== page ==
Buoyed by its recent reception of the Innovation Award at the US-China Health Summit, Yale biotechnology startup Yiviva is forging ahead in its work with botanically-derived drugs.

Yiviva primarily develops a substance called YIV906, which is an herbal mixture based on 1800-year old Chinese formulae. The development of this mixture was based on the research of Yale pharmacology professor Yung-Chi Cheng. Through various clinical studies, YIV906 has been shown to reduce the harmful side effects of chemotherapy and increase the efficacy of cancer therapies. These results and years of research at the Yale School of Medicine helped Yiviva win the Innovation Award at the US-China Health Summit on Sept. 4 in the Chinese city of Xi’an.

“Our new paradigm for drug discovery is to revisit history and rediscover new medicines,” Cheng said. “Chinese medicine happens to have many of the polychemical, poly-target, holistic characteristics we are interested in.”

Shwu-Huey Liu, a medical school researcher and Yiviva co-founder, said she was working with Cheng when his lab first began investigating the possibility of using traditional Chinese medicines to increase the efficacy of chemotherapy. She added that Cheng has previously been involved in the development of important drugs for hepatitis B and HIV/AIDS and in the past biotech ventures relating to cancer treatment.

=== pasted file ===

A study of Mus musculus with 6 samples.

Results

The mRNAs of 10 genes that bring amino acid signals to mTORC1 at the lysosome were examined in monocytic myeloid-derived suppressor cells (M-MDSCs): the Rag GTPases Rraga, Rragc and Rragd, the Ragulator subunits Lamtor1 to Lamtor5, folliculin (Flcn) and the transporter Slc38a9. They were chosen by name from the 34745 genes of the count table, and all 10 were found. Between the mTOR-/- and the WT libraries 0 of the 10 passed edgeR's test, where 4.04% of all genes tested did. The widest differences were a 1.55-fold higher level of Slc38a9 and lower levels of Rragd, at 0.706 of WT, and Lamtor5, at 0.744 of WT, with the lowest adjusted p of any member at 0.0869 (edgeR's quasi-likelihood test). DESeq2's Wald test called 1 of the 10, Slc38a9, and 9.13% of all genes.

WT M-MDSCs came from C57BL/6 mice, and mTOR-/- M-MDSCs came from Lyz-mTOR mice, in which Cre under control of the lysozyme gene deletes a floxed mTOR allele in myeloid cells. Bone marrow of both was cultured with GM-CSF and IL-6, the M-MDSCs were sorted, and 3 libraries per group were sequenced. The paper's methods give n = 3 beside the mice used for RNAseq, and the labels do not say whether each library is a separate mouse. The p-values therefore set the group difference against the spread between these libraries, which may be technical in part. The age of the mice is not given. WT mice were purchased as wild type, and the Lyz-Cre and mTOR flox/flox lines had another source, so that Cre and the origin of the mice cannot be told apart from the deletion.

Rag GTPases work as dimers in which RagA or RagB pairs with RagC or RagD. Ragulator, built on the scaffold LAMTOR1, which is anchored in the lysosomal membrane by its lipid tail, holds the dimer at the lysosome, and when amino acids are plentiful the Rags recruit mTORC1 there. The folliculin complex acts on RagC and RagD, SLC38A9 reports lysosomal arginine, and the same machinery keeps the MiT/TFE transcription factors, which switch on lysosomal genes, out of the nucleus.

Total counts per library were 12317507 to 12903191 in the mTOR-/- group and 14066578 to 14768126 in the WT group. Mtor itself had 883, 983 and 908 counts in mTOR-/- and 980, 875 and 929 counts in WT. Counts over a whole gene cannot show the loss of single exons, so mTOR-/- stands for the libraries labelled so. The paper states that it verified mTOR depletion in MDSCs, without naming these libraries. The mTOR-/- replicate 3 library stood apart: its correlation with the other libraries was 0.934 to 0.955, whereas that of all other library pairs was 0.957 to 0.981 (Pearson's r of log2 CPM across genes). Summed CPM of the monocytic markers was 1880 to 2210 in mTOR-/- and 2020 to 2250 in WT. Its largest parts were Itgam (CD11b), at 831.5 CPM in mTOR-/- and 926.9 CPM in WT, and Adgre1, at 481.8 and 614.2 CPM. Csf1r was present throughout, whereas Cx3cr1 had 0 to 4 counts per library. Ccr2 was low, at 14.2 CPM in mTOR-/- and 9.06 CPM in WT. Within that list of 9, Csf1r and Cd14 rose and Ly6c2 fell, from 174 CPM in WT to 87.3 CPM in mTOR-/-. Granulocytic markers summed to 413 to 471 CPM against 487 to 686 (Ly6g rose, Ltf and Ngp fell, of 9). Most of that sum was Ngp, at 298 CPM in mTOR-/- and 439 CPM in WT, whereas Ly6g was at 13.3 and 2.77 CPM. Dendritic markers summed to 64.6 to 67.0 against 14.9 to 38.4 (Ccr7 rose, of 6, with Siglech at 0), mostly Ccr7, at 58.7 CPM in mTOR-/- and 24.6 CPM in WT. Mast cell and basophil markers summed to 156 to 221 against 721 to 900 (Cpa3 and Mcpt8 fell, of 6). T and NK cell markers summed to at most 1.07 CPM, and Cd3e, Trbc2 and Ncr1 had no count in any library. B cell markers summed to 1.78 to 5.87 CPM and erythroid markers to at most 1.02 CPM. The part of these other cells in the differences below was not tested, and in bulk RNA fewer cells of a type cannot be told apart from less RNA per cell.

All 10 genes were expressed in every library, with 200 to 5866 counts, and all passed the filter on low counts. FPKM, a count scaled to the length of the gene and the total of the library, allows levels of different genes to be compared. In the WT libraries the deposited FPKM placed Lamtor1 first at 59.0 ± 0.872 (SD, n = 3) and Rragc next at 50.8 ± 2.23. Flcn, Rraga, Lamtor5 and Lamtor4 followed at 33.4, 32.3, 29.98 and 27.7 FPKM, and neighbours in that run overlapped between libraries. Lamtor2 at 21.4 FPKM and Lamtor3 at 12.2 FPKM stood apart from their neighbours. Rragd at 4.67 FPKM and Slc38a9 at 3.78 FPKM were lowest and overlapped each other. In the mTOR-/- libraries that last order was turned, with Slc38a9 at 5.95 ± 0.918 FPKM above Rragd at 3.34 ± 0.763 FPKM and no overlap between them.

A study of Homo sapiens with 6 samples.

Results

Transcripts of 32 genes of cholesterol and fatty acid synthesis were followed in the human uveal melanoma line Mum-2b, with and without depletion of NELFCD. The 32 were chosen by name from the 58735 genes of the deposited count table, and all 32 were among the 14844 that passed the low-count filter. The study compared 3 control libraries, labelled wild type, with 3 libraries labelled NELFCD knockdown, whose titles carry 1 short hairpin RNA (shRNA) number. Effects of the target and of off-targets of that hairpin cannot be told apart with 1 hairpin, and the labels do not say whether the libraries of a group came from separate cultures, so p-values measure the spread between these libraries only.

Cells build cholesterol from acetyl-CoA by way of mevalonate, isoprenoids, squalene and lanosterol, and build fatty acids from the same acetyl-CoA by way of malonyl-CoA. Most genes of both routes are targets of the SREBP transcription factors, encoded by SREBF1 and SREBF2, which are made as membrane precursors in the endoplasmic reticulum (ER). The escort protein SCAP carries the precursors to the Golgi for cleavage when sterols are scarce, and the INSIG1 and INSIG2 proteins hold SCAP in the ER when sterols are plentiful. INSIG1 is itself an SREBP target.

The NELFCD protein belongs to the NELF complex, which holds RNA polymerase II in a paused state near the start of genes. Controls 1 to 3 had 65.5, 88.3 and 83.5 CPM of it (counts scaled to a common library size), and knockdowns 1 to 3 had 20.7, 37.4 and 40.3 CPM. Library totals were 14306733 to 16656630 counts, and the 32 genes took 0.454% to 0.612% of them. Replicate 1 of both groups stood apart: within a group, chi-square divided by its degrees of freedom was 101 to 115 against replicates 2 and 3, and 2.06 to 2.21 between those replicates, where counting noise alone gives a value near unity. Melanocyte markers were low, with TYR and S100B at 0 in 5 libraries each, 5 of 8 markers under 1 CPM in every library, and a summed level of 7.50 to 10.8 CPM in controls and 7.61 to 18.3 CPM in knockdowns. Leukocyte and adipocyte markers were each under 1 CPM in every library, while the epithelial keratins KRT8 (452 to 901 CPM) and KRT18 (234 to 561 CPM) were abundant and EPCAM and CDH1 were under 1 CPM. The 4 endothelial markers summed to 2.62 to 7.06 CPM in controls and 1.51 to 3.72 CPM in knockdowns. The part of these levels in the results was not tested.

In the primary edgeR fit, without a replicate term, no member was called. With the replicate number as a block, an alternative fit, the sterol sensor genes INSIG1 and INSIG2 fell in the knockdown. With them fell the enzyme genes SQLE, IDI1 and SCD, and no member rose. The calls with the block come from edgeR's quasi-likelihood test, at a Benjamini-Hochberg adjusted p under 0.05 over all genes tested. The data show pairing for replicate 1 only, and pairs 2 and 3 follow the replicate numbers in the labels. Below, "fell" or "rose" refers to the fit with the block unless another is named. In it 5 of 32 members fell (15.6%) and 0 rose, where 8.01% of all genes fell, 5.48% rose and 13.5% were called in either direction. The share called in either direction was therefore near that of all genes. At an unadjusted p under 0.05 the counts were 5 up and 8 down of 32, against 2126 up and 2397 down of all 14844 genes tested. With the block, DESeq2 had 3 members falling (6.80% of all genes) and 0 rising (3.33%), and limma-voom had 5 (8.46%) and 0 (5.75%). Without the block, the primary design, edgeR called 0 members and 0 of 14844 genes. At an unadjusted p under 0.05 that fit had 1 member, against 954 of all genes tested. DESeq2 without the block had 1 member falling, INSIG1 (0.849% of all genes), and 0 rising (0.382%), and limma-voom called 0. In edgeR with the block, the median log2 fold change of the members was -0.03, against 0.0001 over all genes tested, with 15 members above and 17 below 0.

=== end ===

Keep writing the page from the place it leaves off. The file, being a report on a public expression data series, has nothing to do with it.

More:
Liu also said that the researchers’ initial investigation went through over 20 formulations before finding YIV906, an herbal combination known in China as huang qin tang, to be the most effective in treatment. The YIV906 substance had previously been noted to treat gastrointestinal problems, according to Liu.

Wing Lam, an associate research scientist at the medical school, said that eight clinical trials investigating the effects of YIV906 treatments on colorectal, liver and pancreatic cancer have been conducted or are in progress across the United States, Taiwan and Hong Kong. Patients treated with YIV906 have been shown to experience reduced vomiting, nausea and diarrhea as well as increased survival rates, according to a 2012 study published in the Journal of Ethnopharmacology.

“Yiviva is a commercial vehicle to explore these ideas,” Cheng said. “The recognition of our company’s drug development technology [at the US-China Health Summit] says something about the value out work has.”

Peikwen Cheng, a co-founder of Yiviva, said that the attendees at the US-China Health Summit included Chinese ministers of health, researchers, industry professionals, regulators and entrepreneurs.

He described the competition as an important platform from which to connect with fellow entrepreneurs and the health care community in the US and China.  He added that conversations which had taken place at the conference could spark future collaborations.

The company hopes to continue to use its drug discovery platform, which is able to screen across multiple pathways of the body, as well as its pioneering techniques in ensuring the consistency of herbally-derived extracts, to continue to tackle age-associated diseases, according to Liu.

Cheng added that the company faced regulatory obstacles in addition to scientific challenges, noting the dearth of botanical drugs previously approved by the FDA.

“I started other companies in the tech space, and I think the biggest difference that a pharmaceutical company faces is the time, resources and regulatory pathway required,” Cheng said.

Hepatocellular carcinoma, the most common form of liver cancer, has a five year survival rate of approximately 14%.